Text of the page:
We went up to the Matakana Farmers Market last weekend and tried some gorgeous local produce. I was really inspired by the produce and picked up some macadamia meal and grape gelly for my next macaron taste adventure. I made some simple variations to my basic macaron recipe:
90 g almond meal
60 g macadamia meal
144 g icing sugar
6 g freeze dried Blackcurrant powder
58 g egg whites extra
58 g egg whites (about 1.5 egg)
1 g meringue powder
150 g caster sugar
38 g water
2 drops of Rose coloring gel
1 drop of Violet coloring gel
I substituted 6 g of icing sugar with 6g of freeze dried Blackcurrant powder and did something I haven’t done before – instead of sifting, I blitzed the almond, macadamia meal, icing sugar and Blackcurrant powder until it is a fine powder.
Put the first lot of egg whites into your stand mixer.
Into a milk saucepan, put the water and caster sugar in and dissolve the sugar over a low heat. Some recipes say you should stir this gently – I’ve found that so long as I didn’t splash the sugar around, I won’t even have to stir. Use a clean pastry brush to brush down the side of the saucepan to avoid any crystallization if the liquid splashes up. Clip the sugar thermometer according to manufacturer’s instructions. Increase the heat and bring to the boil.
To make reddish-coloured shells, I added the gel colourings to my Italian meringue. The amount depends on the strength of your gel, what depth of colour you desire and how it mixes with other ingredients. Practice is the only way to test it out. I scrapped tiny balls out using a tooth pick.
Cook the sugar syrup until it reaches 70°C. You should monitor your sugar thermometer, and as it reaches this temperature, add the meringue powder to the egg whites and whisk in medium until it becomes frothy.
Once the sugar syrup has reached 118°C (soft ball stage), take the saucepan off the heat, decrease the mixer speed to medium and slowly trickle the sugar syrup in, down the side of the bowl. (Be warned not to get the syrup onto the whisk as you will then have spun sugar.) Increase speed to high and whisk until the bowl is warm to touch, about 8 minutes.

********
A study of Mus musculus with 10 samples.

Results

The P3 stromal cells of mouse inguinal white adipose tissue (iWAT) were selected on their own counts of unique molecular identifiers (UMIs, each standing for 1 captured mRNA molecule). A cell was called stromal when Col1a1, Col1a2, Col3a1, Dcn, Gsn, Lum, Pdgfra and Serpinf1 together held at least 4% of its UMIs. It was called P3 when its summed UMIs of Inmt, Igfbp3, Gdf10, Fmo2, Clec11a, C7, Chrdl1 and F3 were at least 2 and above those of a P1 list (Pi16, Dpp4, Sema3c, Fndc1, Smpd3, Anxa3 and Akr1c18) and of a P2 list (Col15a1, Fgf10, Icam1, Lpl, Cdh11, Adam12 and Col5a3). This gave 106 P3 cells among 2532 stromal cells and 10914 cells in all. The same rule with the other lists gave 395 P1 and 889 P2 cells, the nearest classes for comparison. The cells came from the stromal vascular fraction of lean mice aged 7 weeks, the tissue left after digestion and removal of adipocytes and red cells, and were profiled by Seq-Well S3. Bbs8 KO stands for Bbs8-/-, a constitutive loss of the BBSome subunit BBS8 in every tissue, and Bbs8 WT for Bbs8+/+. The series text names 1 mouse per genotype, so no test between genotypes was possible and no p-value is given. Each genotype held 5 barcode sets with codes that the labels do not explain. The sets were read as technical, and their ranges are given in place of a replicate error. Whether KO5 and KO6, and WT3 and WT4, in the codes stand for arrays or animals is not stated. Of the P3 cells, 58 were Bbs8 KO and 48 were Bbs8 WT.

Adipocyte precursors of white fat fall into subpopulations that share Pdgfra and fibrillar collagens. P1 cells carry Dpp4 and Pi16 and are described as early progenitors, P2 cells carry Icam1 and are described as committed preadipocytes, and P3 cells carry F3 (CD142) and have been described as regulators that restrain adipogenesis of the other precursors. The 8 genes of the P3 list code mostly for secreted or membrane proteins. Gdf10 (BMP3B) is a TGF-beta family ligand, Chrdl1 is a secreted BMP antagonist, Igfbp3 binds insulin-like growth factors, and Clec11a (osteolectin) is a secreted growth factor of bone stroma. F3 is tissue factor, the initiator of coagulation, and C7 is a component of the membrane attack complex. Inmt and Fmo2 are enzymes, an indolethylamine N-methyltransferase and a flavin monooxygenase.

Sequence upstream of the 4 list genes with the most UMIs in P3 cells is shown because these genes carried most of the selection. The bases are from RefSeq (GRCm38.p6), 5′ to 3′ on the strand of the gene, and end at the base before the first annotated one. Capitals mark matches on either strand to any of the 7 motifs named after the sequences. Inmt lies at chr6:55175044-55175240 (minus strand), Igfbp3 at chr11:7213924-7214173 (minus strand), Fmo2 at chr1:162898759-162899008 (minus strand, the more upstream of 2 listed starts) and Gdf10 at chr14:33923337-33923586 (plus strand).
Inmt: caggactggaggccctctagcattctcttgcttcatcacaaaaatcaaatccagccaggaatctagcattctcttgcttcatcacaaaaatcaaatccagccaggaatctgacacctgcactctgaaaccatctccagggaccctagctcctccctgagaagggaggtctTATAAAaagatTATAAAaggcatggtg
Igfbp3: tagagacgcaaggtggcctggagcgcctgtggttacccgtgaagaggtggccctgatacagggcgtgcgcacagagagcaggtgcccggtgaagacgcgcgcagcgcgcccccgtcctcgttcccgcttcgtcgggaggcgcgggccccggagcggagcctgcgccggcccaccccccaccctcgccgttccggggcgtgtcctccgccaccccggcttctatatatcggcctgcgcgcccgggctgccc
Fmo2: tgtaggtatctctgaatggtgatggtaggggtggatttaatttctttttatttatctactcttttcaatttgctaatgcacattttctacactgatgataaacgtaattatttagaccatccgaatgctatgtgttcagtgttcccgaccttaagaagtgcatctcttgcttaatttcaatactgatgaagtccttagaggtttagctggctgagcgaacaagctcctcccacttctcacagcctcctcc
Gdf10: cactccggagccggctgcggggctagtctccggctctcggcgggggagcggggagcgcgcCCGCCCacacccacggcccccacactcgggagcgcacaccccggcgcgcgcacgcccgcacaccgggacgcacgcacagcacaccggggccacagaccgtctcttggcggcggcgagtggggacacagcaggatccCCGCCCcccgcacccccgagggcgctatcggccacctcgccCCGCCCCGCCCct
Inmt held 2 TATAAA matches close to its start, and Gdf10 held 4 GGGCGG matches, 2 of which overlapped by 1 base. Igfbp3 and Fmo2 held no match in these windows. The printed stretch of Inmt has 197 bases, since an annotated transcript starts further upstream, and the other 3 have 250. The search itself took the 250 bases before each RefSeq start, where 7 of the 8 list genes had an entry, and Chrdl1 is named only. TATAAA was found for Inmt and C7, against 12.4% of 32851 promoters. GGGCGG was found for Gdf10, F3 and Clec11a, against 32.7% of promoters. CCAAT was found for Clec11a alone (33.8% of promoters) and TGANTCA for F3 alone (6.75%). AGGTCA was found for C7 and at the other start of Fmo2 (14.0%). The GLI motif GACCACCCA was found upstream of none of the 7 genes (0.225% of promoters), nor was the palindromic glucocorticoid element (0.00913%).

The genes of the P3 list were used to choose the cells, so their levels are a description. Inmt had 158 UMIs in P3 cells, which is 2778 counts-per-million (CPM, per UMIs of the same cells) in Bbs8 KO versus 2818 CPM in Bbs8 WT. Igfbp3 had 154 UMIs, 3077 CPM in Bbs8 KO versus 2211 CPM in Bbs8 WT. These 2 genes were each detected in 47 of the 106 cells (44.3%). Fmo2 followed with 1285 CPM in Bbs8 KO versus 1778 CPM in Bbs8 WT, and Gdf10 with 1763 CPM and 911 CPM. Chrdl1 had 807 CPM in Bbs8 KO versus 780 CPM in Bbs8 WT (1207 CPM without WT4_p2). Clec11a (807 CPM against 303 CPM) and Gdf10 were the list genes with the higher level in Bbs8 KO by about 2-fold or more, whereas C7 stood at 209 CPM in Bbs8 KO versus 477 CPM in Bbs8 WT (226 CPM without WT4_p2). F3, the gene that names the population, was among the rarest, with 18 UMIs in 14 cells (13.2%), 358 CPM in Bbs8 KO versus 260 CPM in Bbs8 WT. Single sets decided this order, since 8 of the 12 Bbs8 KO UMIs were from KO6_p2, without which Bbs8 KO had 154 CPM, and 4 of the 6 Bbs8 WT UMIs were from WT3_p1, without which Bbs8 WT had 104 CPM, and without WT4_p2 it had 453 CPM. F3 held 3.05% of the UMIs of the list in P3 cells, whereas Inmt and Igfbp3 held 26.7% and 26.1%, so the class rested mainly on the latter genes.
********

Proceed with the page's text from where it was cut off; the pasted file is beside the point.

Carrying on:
Add the extra egg white to the almond meal mix, then add the meringue and use a large spatula to thoroughly combine it. Continue folding the mixture to soften the meringue. To achieve “macaronnage”, I mixed the batter about 18 times. Don’t over do this.
Today I waited for 30 minutes for a nice skin to be formed.
I fan-baked them at 125°C, for 18 minutes. As I have 3 sheets in total, I decided to bake the first in by itself, and then this time add the two last trays in after 6 minutes to see if that changes the results. The macarons in the trays that were baked last were a little bit stickier than the sheet that went in first but still ok wit an extra minute in the oven. I think I will stick with baking them individually next time and only resort to time-cutting measures if I run out of time again.
Once out of the oven, the macarons were left for 2 minutes on its trays before I checked them. They peeled off the baking paper quite easily. I then slid the whole sheet off the baking sheet onto my cool marble counter top. This causes a thermal shock and will make it even easier to peel off.
I paired this with a chocolate ganache, and the recipe follows:
150g chocolate, chopped
Melt cream in a pot and pour over the chopped chocolate. Let it sit for 2 minutes until the chocolate melts. Mix till the ganache is smooth. Cool in the fridge for 30 minutes until firm for piping.
In the meantime, I used a small icing spatula to lift off thin sections of the grape jelly. I placed these on one pair of the domes and piped the chocolate ganache onto the other pair of the domes.
These need to be kept in the fridge for 24 hours for the ganache to flavour the shells, so don’t eat it yet! These can keep in the freezer for up to 3 months – just wrap a few of them (4 or 6) with cling film wraps and place them in a airtight box. Bring them out an hour before serving to allow them to return to room temperature. The moisture will cling to the cling film and not your macarons.
This reminds me acutely of Ribena, my favourite childhood drink (actually still is!).